The Gophers student section was loud and alive during the first quarter Saturday, with chants of “Who hates Iowa? We hate Iowa!”
With an announced sellout crowd of 51,382 on hand at TCF Bank Stadium, the Gophers had a chance to prove their undefeated nonconference start had prepared them for Big Ten play. Once again, Iowa had other ideas.
Gophers coach Jerry Kill reinserted Philip Nelson as his starting quarterback, leaving backup Mitch Leidner on the bench, as the offense sputtered badly in a 23-7 defeat.
Iowa built a 17-0 first-half lead, hushing the crowd, and held on to claim the Floyd of Rosedale Trophy for a second consecutive year.
Coming back from a hamstring injury, Nelson threw two interceptions, took four sacks and missed some other key throws. But the bigger issue for the Gophers was their inability to run the ball. They finished with 27 carries for 30 yards, after averaging 282 yards rushing in their first four games.
“They won the line of scrimmage battle, and that’s where the games are usually won and lost,” Kill said.
It felt like a repeat of last year’s nightmare in Iowa City. The Gophers were 4-0 heading into that one, too, and wound up falling behind 24-0 by halftime of an eventual 31-13 loss.
“Any time you lose, especially on homecoming, to Iowa, it hurts,” Gophers receiver Derrick Engel said.
Kill’s decision to start Nelson was surprising because the sophomore’s status was iffy all week, coming back from an injury he’d suffered against Western Illinois on Sept. 14. Leidner had rushed for 151 yards and four touchdowns last week against San Jose State, earning Big Ten Freshman of the Week honors.
Kill said he left the final decision up to Nelson. They talked Friday night and again Saturday before Nelson was officially pegged as the starter.
“I think he trusts a lot of our players,” Nelson said. “He said it a million times, that I’m the only one who knows how I feel, so he just kind of left it up to me.”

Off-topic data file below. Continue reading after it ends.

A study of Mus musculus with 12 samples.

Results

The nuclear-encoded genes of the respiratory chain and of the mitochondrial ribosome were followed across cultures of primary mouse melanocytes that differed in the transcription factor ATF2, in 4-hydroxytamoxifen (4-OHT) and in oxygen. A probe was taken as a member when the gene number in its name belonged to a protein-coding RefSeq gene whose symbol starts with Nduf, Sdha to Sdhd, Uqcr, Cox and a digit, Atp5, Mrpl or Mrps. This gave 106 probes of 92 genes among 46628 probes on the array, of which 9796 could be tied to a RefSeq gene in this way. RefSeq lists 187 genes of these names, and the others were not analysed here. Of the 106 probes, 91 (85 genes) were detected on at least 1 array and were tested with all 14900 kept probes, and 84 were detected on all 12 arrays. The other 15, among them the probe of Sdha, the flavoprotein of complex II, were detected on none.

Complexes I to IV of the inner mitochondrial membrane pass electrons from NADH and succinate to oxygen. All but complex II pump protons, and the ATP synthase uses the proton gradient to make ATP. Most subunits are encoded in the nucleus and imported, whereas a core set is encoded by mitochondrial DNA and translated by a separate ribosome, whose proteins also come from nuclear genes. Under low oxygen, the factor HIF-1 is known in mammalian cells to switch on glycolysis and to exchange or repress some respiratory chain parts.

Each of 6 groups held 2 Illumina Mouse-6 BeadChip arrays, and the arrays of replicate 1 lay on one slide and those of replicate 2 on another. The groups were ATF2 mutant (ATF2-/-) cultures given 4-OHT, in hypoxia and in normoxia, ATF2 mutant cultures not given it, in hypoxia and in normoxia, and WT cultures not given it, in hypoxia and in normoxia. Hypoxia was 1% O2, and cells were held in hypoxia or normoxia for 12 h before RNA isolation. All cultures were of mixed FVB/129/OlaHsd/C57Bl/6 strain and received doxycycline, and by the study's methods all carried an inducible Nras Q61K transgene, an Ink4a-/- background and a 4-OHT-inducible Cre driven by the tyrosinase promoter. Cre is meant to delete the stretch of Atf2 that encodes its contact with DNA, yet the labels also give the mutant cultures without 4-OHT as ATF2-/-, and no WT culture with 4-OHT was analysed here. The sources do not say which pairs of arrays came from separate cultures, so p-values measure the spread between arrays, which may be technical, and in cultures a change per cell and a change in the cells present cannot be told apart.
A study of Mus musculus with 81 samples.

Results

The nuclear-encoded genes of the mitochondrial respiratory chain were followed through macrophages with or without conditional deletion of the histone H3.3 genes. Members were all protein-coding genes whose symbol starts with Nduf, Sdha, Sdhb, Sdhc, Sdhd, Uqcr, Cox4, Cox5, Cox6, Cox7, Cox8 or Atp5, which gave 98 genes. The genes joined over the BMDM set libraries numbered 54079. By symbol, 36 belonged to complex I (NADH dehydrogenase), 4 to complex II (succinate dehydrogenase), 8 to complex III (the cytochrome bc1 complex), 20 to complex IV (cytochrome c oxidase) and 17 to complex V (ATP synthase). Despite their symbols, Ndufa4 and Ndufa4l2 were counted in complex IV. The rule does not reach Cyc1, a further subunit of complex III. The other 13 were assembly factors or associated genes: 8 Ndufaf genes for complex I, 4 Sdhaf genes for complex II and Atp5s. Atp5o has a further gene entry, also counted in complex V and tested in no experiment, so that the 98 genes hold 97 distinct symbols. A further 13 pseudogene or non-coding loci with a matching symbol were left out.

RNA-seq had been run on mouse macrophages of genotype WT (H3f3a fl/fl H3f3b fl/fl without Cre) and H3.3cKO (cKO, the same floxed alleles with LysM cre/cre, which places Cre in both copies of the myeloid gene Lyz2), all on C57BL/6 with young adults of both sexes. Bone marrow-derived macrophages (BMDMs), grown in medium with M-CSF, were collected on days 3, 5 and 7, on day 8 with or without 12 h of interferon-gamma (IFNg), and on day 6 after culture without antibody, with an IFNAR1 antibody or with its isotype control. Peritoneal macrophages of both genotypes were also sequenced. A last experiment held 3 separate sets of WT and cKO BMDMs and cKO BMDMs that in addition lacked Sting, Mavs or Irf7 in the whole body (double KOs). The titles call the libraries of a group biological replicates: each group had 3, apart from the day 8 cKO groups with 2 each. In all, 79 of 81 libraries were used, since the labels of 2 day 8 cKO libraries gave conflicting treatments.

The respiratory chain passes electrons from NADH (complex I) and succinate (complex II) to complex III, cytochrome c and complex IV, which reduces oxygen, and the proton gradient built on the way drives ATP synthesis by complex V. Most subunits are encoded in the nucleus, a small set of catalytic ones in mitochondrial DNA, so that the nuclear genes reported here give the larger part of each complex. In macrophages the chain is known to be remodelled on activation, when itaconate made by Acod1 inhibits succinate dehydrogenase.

Nelson completed 12 of 24 passes for 135 yards, but the wheels he showed in rushing for 122 yards against New Mexico State just weren’t there. He rushed nine times for minus-18 yards, with the negative yardage coming on sacks.
Asked if the hamstring affected him, he said: “Not really. Obviously I was just a little cautious at first, but once you get into the heat of the game, you just kind of forget about it.”
Kill hinted in his halftime radio interview that the Gophers might consider inserting Leidner for the second half, but they stuck with Nelson.
“If we’d have been in a situation where Philip was using his legs a lot having to run, you know, yes, we’d have played Mitch,” Kill said. “But we never got in that situation. We couldn’t run the ball. We had to throw the ball and do those type of things.”
Iowa (4-1, 1-0 Big Ten) continued the success it had during nonconference play.
Mark Weisman rushed 24 times for 147 yards for Iowa, and Hawkeyes quarterback Jake Rudock completed 15 of 25 passes for 218 yards. Iowa’s first-half touchdowns came on a 4-yard run by Rudock and a 76-yard pass from Rudock to Damond Powell.
Mike Meyers, who kicked three field goals for Iowa, hit a 23-yarder with 5:10 remaining in the third quarter to give Iowa a 20-0 lead. At that point, the Gophers finally got a spark when Marcus Jones took a kickoff from deep in his end zone and returned it 66 yards.
Four plays later, Nelson hit Engel with a 23-yard touchdown pass.
The Hawkeyes marched right back down the field and looked poise to score again, but Gophers safety Brock Vereen came up with a big interception in the end zone.
But the Gophers couldn’t make the momentum last, as Nelson took another big sack on the next possession.
By game’s end, the student section had cleared and Iowa fans could be heard chanting, “Let’s go Hawks!”
The Gophers (4-1, 0-1) play at 4-0 Michigan next week.
Asked if Nelson would still be the starting quarterback moving forward, Kill said; “It’s the same thing we’ve been doing. He was our guy at the start [of the season], and Mitch played and came in and did a good job, and we’ll keep working with those two kids.”
“And next week, they may both play in certain situations.”